Housing weakness bashes down GDP

Friday, October 27th, 2006

USA Today

WASHINGTON (Reuters) — A slumping housing sector helped slow economic growth in the third quarter to its weakest pace in more than three years, the Commerce Department reported Friday.

Gross domestic product, which measures total economic activity within U.S. borders, expanded at a 1.6% annual rate during the third quarter, down from 2.6% annual rate in the second quarter for the slowest advance since 1.2% in the first quarter of 2003.

Third-quarter GDP growth was well below Wall Street analysts’ forecasts for a 2.2% rate of growth and reflected a range of influences that combined to slow the economy. Most striking was a 17.4% annual rate of contraction in spending on new housing — the biggest decline in 15½ years, since a 21.7% drop in the first quarter of 1991.

By contrast, the GDP report showed that business investment remained healthy and consumers picked up their spending pace, giving credence to forecasts that the economy retains enough vigor to keep growing at least at a moderate rate.

The drag on growth from a rapidly softening housing sector was expected, because other reports have shown prices are weakening for both new and existing homes and builders are offering incentives to try to reduce their inventories of unsold homes.

Non-residential investment, which serves as a proxy for business spending, rose at an 8.6% annual rate in the third quarter, close to double the second quarter’s 4.4%. Consumer spending, which accounts for roughly two-thirds of national economic activity, increased at a 3.1% annual rate, up from 2.6% in the second quarter.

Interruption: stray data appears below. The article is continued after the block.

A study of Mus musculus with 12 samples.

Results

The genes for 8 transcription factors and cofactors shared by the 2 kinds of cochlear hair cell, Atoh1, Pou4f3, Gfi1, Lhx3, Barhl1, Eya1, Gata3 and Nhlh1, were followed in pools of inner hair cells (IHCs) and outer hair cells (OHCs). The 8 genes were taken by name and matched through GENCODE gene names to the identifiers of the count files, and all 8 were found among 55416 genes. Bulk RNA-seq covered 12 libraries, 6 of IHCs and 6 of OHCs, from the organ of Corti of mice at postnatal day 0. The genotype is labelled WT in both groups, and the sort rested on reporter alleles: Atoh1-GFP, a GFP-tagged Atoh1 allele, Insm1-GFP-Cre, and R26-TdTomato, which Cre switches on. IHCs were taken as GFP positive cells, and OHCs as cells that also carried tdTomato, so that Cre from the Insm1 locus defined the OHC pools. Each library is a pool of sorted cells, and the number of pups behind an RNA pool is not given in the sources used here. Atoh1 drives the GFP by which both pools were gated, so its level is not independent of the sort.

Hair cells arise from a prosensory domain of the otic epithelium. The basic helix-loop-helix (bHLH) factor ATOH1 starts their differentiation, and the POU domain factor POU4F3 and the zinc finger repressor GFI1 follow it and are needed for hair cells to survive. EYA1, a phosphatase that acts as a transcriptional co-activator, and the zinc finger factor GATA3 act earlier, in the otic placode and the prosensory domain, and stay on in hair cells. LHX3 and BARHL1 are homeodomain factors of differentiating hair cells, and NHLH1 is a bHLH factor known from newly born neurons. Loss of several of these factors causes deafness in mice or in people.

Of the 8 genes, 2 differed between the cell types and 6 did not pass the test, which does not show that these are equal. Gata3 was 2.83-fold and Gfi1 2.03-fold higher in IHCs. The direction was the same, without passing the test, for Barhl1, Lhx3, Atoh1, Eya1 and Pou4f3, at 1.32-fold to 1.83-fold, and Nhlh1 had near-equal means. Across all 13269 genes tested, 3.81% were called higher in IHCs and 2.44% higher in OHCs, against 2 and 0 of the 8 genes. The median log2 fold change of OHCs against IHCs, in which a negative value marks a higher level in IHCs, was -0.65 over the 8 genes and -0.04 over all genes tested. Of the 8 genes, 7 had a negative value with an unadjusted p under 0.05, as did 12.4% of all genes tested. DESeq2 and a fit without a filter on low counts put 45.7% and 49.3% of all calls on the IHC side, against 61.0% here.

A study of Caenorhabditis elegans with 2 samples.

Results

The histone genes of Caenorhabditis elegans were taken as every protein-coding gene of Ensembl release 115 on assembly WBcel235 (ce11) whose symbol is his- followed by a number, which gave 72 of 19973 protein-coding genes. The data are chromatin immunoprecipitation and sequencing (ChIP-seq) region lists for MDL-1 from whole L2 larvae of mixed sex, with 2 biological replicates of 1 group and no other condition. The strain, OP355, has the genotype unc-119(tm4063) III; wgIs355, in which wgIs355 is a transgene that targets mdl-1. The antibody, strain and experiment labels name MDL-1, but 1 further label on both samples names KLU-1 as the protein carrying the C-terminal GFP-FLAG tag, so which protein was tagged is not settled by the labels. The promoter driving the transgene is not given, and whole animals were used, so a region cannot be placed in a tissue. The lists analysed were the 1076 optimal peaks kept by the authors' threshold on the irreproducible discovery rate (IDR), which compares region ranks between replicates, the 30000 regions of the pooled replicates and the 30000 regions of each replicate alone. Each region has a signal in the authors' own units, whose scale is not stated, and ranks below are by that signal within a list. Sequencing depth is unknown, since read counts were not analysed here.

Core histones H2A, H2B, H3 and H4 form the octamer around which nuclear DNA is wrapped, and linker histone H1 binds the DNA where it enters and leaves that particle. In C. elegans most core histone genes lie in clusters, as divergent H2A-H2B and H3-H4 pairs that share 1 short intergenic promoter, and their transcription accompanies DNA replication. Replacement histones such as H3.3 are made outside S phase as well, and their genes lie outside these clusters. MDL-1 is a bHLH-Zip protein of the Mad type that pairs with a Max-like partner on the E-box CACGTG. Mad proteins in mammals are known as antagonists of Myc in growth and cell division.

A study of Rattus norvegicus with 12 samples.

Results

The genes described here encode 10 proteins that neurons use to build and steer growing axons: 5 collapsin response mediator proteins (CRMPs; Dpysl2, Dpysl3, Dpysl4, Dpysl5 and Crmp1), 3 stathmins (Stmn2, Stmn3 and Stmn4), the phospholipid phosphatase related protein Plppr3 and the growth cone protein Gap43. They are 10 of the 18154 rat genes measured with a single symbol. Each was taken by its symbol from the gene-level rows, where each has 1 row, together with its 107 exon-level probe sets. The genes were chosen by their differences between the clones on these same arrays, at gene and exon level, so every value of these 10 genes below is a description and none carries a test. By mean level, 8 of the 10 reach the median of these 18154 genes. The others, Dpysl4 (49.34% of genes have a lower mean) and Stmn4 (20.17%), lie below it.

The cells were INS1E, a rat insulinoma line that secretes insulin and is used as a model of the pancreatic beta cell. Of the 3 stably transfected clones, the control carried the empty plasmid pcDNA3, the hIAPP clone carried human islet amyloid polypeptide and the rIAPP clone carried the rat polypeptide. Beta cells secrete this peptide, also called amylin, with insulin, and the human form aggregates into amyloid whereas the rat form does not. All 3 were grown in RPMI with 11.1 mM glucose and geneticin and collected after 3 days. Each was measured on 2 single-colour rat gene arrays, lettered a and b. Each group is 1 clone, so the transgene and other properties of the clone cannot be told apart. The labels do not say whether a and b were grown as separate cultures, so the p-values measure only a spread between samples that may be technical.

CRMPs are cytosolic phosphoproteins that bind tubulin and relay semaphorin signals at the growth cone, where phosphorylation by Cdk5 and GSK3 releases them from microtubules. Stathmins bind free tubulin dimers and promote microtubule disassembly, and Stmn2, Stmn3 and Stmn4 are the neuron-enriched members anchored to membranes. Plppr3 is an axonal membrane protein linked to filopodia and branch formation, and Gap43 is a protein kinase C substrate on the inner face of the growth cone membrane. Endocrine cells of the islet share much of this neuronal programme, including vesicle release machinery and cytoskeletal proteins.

Another eport Friday said consumer sentiment improved more than expected in October as consumers’ view of both future and current conditions improved.

The final October reading of the University of Michigan’s consumer sentiment index was 93.6, up from a preliminary 92.3 and September’s final reading of 85.4, said sources who saw the subscription-only report. The median forecast of economists polled by Reuters was for a final October reading of 92.5.

The White House said it is not worried about the slowdown in economic growth.

“Everybody expected this. You have a combination of rising energy prices and also rising interest rates, and now you’ve seen a reverse on both,” said White House press secretary Tony Snow.

The news was mixed on prices.

A gauge favored by the Federal Reserve — personal spending excluding food and energy — increased at a 2.3% annual rate during the third quarter, slower than the 2.7% posted during the second quarter.

But this gauge, measured on a year-over-year basis, was up 2.4% in the third quarter, which department officials said was the strongest rate since 1995.

Energy prices, which had surged in the summer, have since calmed down.

Gas prices are now hovering around $2.23 a gallon nationwide, compared with more than $3 a gallon in early summer. Oil prices are now just over $61 a barrel, down from $77.03, a record high close in mid-July.

That is supposed to help ease inflation and lead to better economic activity.

Lower energy prices leave people and companies with more money to spend on other things. If they spend and invest, that adds to economic growth. Many economists believe the economy will do better in the current October-to-December quarter, perhaps clocking in close to 3%.

The Fed highlighted its continuing concern over potential inflation pressures when it announced Wednesday that it was keeping interest rates steady for now, but it remained watchful about price rises.